He grew up in Portsmouth, attending both Portsmouth Grammar School and the University of Portsmouth, where he took a degree in business studies, and is a keen follower of Portsmouth FC. Now he lives in Texas and follows Indy Car racing.
His career in the electronics industry started in sales with STC Electronic Services before spending seven years in sales and marketing at Arrow Electronics. He was then sales director for Avnet Electronics and global distribution manager for Philips Components. He has also been CEO for the Americas at Yageo and vice-president of supplier marketing at TTI.
1. Mouser has been growing faster than many others in electronics distribution – what’s the secret?
We focus a lot more of our attention on the web and that continues to drive our business. Some 75 per cent of new customers come from the web. We also focus on helping the design engineer and bringing out new products as quickly as possible.
We have also done a lot of branding work. A couple of years ago, most people wouldn’t have heard of Mouser in Europe and Asia, so we have spent a lot of time getting the name out there. We have also put a lot of attention on being local and have offices in most of the major countries doing technical support and front line customer service, and we are building up a marketing team in Europe so we can have the right messages for the market place in Europe rather than doing that from the US, which doesn’t work in Europe very well.
2. You make use of mobile technologies for access to your catalogue, but is this a serious business channel or just a gimmick?
It has become more of a serious channel. When it was purely IPhones and Androids it was a bit, but now with the tablets people don’t take their laptops with them and so they are using them like computers and buying components on them. People are seriously buying on them where they weren’t on phones. They also use them a lot for browsing.
We still do the paper catalogue and it is useful in a lot of places in the world, but most want to look at them online. They use tablets a lot.
3. What are the main concerns facing design engineers today?
They want to get the newest products as quickly as possible. They want to know what the latest technology is and if they are going to need to redesign, and how easy the parts are to get. They also like to deal with one company rather than multiple companies.
They like to be anonymous and take the information from the web. They don’t want people to visit them. They just want to place the order and not get bothered.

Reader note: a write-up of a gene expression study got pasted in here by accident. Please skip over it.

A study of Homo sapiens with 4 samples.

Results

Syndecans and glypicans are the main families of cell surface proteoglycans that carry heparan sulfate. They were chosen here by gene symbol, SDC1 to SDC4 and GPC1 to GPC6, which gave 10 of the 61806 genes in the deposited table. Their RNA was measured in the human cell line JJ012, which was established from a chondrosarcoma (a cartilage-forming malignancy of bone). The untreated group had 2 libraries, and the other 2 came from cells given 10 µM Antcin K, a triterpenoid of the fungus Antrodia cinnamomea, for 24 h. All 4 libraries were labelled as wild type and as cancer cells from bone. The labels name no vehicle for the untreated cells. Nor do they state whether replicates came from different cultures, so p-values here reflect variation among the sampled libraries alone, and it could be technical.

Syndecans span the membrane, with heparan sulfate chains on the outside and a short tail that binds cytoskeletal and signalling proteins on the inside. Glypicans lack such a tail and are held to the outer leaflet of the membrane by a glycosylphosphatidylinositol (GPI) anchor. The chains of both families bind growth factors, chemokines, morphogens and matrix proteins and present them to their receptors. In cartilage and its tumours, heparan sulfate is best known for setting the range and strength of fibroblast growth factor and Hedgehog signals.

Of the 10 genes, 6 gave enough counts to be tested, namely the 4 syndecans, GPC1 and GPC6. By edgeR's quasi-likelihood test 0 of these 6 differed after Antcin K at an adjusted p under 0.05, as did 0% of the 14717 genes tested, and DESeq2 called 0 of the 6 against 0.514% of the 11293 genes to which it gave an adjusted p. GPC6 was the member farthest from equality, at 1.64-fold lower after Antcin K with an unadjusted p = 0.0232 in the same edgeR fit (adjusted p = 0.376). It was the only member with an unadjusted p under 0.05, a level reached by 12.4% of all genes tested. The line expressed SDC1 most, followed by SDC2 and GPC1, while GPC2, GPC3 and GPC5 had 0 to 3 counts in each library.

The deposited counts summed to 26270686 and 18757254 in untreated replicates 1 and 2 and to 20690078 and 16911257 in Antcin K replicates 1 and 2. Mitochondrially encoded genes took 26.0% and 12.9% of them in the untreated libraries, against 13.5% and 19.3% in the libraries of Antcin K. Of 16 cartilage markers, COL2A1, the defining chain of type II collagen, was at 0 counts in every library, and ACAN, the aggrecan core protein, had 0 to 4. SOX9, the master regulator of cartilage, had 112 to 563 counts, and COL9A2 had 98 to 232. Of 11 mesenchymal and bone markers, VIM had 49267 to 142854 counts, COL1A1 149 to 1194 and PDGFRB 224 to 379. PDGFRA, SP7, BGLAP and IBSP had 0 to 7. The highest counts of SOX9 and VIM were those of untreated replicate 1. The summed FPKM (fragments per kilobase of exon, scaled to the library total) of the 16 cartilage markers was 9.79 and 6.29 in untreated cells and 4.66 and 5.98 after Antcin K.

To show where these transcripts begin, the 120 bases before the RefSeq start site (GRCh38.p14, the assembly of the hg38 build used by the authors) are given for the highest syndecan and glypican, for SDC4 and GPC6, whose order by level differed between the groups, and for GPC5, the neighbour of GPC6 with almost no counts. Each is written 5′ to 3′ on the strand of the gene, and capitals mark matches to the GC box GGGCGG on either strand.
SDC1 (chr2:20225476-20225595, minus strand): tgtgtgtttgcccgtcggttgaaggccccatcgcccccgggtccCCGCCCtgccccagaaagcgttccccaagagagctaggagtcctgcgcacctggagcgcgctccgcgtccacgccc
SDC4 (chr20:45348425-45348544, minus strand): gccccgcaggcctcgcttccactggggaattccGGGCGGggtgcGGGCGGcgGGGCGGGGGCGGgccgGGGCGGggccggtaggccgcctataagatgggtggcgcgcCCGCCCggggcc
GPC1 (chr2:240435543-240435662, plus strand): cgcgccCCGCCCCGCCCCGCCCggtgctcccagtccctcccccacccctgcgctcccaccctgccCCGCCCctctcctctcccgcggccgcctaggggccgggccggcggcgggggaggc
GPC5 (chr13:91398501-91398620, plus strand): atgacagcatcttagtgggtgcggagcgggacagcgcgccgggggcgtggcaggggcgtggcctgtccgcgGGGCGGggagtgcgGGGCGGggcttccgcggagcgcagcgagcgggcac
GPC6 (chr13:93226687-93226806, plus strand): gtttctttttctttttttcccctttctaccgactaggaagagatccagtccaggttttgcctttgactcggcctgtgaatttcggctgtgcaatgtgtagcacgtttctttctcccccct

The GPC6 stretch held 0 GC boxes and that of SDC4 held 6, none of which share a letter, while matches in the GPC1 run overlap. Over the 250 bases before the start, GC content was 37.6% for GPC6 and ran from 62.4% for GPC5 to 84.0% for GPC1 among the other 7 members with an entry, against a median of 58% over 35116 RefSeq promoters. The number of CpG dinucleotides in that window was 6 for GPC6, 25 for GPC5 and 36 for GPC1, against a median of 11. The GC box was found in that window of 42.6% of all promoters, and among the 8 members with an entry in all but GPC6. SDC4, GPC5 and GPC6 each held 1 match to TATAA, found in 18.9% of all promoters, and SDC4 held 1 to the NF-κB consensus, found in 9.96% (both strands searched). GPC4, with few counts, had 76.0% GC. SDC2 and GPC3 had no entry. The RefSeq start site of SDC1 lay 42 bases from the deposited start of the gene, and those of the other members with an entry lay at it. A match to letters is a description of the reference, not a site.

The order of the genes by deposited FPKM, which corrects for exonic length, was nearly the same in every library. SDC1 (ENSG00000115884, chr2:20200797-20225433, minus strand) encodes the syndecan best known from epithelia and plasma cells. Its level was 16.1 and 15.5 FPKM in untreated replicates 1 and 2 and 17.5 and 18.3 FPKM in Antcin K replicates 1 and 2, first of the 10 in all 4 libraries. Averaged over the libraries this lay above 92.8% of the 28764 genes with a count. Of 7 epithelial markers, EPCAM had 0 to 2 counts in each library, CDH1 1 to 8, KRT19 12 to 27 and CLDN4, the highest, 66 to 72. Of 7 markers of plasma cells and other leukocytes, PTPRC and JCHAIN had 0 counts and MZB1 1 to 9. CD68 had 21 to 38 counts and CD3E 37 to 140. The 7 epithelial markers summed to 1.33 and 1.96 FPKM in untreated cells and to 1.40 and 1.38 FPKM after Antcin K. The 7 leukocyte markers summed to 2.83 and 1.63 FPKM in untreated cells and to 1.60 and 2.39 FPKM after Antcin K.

4. You grew up as a Portsmouth fan but now live in Texas. How different is sport treated in the USA compared with the UK?
The biggest difference with sport in the US is the college system. People in Europe don’t see how big the college teams are. In Europe, it is all around the professional teams – even Portsmouth are professional, if only just. In the US, you get thousands watching the college games.
Some people don’t like all the money involved in the professional game over there. They feel they are earning too much so they prefer the college side.
What they call soccer is getting better. There is still an influx of players from Europe but a lot come from Mexico and South America, and the Americans themselves are playing it more. They are now competitive at World Cup level. They have reached a pretty good level. And the women’s soccer team is bigger than the men’s, and gets quite a following.
But I think cricket is still more interesting than baseball. There are pockets where cricket is played but [American] football, basketball and baseball are the big ones.
5. Mouser likes to have leading edge products in its catalogue. How do you select them?
We work very closely with the manufacturers. The leading edge products tend to be on the semiconductor side and there is a big focus to get the latest parts as soon as they come out. We also look out for new franchises. The semiconductor people also keep us in touch with the development tool people that they work with.
It is all about speed to market. This is our core focus. We don’t do volume, which gets in the way. Our prime focus is the newest parts and technologies, so we are going to be quicker.